I'm still plucking pinkish-orange tomatoes out from under their plastic cocoon, but I also know the abundance of greenies hanging out there are just not going to make it. I found this unusual recipe for Green Tomato Cake on the Food Network website. It's from Paula Deen, so it's loaded with butter, y'all!
You can see the diced green tomatoes in the batter
I did a little recipe adjustments; substituting a 1/2 cup of canola oil for one stick of butter, and I did not make the brown butter icing, but opted for turbinado sugar sprinkled on top. The cake has a wonderful, moist pound cake texture and you'd never know green tomatoes are present from taste (although you can see pieces of green).
Yum! We could hardly wait to give it a try - it was delish!
I'm always happy when I bake a success, it doesn't always work out this way (just ask my friends about the cheesecake and the chainsaw). However, this is one that I would make again and actually serve. A sweet way to use up those those last few emerald gems of summer.
It's amazing, it's October 15th and our garden is still going strong. We've been laying plastic sheeting over the tomatoes for the last two nights, but so far we haven't had any frost.
I think that is about to change this weekend. If you still have an abundance of green tomatoes like we do, you might want to cover those tonight. Just about anything lightweight will work - sheets, plastic garbage bags, 5 gallon buckets (great over pots).
If they make it through the frost, the next step is to pull those tomatoes and hang them in the garage (or basement) so the remaining green toms ripen. Or you can pick the greenies, wrap them in newspaper and pack in a cardboard box. They will ripen anywhere from a few days to a few weeks. I've done it both ways and have had luck with each method.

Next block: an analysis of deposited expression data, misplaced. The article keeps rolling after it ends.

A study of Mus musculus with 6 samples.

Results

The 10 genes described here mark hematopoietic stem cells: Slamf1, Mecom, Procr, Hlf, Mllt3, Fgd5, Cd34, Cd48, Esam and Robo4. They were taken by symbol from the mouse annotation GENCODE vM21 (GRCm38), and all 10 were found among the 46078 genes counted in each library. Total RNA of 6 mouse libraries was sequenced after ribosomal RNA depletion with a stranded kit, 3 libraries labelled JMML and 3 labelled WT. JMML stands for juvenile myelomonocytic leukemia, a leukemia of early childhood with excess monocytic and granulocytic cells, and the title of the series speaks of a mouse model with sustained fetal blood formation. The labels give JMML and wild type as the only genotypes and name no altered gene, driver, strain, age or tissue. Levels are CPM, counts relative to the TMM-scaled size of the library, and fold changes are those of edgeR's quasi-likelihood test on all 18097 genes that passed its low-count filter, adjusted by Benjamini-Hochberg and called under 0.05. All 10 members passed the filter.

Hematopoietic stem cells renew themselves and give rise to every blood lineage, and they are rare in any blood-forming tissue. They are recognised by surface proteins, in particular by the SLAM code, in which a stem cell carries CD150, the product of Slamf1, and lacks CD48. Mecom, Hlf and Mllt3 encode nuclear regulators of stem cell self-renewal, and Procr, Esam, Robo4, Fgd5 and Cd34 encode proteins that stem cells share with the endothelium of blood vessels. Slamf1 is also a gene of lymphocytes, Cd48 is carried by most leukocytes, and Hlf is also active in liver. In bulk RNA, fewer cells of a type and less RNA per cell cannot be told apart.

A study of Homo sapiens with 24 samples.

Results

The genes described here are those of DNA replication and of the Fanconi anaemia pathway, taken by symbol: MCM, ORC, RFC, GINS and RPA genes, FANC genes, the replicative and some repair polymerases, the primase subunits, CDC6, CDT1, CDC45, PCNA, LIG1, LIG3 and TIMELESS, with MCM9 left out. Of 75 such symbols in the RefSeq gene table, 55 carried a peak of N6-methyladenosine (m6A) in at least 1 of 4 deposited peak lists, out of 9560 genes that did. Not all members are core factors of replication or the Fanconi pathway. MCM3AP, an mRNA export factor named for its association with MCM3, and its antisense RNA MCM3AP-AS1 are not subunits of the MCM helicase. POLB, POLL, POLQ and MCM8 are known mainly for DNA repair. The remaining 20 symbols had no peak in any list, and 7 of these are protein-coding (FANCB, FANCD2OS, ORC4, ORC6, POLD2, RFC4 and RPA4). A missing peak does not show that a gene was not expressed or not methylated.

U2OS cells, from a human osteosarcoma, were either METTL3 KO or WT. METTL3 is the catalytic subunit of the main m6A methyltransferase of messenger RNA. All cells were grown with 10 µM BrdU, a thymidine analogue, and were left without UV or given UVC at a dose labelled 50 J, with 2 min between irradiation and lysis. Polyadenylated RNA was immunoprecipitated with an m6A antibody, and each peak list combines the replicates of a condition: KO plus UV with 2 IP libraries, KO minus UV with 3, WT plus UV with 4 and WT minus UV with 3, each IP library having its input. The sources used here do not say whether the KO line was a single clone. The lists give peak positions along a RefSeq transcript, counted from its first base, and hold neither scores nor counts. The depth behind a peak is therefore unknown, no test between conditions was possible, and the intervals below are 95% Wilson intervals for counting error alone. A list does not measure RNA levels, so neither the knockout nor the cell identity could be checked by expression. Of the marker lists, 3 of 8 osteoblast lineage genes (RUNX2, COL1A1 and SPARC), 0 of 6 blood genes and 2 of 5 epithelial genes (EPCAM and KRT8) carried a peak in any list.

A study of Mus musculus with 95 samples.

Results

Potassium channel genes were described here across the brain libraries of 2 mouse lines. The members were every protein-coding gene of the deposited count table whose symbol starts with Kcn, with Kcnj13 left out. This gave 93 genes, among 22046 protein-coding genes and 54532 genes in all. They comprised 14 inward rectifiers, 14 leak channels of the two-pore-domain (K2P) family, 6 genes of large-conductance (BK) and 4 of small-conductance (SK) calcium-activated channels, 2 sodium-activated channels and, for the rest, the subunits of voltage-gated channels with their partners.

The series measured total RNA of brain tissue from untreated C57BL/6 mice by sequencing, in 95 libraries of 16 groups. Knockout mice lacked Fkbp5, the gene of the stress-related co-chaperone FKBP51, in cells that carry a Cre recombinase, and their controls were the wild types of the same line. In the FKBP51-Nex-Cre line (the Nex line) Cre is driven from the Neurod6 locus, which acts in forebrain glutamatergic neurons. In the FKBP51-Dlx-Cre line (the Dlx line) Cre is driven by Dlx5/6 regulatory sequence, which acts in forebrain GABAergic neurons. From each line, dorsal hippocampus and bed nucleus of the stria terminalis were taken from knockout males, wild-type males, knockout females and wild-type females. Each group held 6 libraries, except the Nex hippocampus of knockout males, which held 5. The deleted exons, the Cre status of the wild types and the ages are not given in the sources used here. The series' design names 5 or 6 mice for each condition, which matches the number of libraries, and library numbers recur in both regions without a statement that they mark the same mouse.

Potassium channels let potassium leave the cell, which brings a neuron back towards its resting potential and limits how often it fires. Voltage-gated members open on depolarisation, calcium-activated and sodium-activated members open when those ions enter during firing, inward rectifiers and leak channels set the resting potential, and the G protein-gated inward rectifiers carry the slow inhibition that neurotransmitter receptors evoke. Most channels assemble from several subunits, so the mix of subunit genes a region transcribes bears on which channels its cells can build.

I'm not giving up on the garden yet, but it is probably time to say goodbye to the tomatoes and cucumbers. The arugula, spinach and lettuces, chard and carrots are just loving the cool temps and I'm loving the fact that I am still harvesting in mid-October.
But do keep an eye out for old Jack Frost, I hear he is in the neighborhood!
If you have outdoor pets, horses or livestock, you know that these animals need to be wormed on occasion.
Well City Chickers, your back yard flock is no different. In fact urban coops could have a higher incidence of internal parasites due to space constraints. Good sanitation practices go a long way in keeping your flock healthy, but you can't always guard against the bugs your hens ingest. Yep, your happy hens can get worms from eating worms...and slugs and bugs and all those other juicy creepy-crawlers they find so delicious.
Even if you run a tidy coop your flock can benefit from regular worming, since birds confined in a small space will inevitably come into contact with droppings (they often show questionable taste in what they peck at).
Roundworms are the most common internal parasite and are easy to treat. I called a few local farm stores looking for chicken wormer but no one had anything nor had they even heard of such a thing (I won't be getting advice from these places anytime soon). I called my vet who, thankfully, did know about internal parasites in fowl and he prescribed Panacure (Fenbendazole). A few cc's by mouth, with a follow up in 10 days is all that is needed; about once a year. Pretty simple.
And, it actually was. It took two of us - one holding the hen firmly and one prying the beak open and administering the chalky liquid down the gullet. We don't plan on eating any of the eggs produced in the next month - but this little preventive measure is well worth it for healthy hen in the long run.